Important: The counties and cities in Minnesota own and operate all sirens in their jurisdictions. They also set the policies and procedures of how and when to activate them in their area. Neither the National Weather Service or the State of Minnesota operate or control any sirens.
There are many different policies regarding siren activation that are used by the various cities and counties. Some will activate sirens across the entire county for tornado warnings only. Others will activate sirens countywide for tornado warnings and all severe thunderstorm warnings. Some will activate sirens across the entire county for tornado warnings and severe thunderstorms that have winds of at least 70 or 75 mph. Others will activate sirens only for portions of counties. Local officials may also sound the sirens anytime they believe severe weather is a threat, even if there is no warning from the National Weather Service.
Sirens normally sound for about three minutes, and then go silent. It is very rare to keep the sirens sounding for the entire warning, since that would cause the backup battery to run out, which would be critical in the event that power goes out. Furthermore, the siren motor will fail much more quickly if the siren sounds continuously. Some jurisdictions may repeat siren activation every few minutes.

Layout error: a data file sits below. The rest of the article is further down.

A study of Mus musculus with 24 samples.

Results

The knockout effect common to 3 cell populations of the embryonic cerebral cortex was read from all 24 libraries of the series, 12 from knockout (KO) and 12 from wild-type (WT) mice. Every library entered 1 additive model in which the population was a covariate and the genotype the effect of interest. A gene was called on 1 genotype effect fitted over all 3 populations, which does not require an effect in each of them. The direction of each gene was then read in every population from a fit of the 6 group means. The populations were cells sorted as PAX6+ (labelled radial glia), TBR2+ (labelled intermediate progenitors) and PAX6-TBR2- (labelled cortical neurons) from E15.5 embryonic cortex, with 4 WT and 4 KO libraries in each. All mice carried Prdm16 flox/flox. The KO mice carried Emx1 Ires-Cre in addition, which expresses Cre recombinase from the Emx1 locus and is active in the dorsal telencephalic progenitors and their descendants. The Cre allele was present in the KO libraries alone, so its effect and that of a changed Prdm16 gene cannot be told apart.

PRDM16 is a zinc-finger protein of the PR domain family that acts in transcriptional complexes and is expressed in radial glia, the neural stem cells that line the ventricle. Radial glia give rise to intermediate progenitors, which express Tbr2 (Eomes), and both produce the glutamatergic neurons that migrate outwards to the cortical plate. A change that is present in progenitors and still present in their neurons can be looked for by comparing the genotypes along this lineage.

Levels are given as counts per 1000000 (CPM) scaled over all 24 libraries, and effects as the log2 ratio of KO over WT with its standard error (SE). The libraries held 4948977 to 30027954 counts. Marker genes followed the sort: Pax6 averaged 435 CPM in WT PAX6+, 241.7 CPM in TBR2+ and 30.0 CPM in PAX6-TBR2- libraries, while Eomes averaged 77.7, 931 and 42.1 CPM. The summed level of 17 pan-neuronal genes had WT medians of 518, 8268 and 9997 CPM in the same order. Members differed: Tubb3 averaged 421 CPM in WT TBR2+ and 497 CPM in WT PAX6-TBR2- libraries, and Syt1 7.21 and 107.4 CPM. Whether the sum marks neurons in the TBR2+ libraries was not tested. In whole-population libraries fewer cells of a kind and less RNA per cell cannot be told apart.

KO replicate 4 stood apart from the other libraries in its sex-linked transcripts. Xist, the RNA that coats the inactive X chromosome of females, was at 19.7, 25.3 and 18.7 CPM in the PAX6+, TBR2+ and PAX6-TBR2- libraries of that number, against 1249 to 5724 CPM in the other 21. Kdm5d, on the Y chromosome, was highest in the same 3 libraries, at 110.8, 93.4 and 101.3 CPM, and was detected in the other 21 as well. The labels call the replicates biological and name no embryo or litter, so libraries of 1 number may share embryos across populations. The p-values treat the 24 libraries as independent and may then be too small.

NOTE: There is no such thing as an "all-clear" siren.
Please check with your local public safety officials for details on when warning sirens are sounded in your community.
Tornado Drill Day - Thursday April 18, 2013
For more than 25 years, the state of Minnesota has conducted Severe Weather Awareness Week in partnership with the National Weather Service and local governments. A statewide tornado drill is part of that event.
Go to the Tornado Drill Day page to find the schedule of events and other information.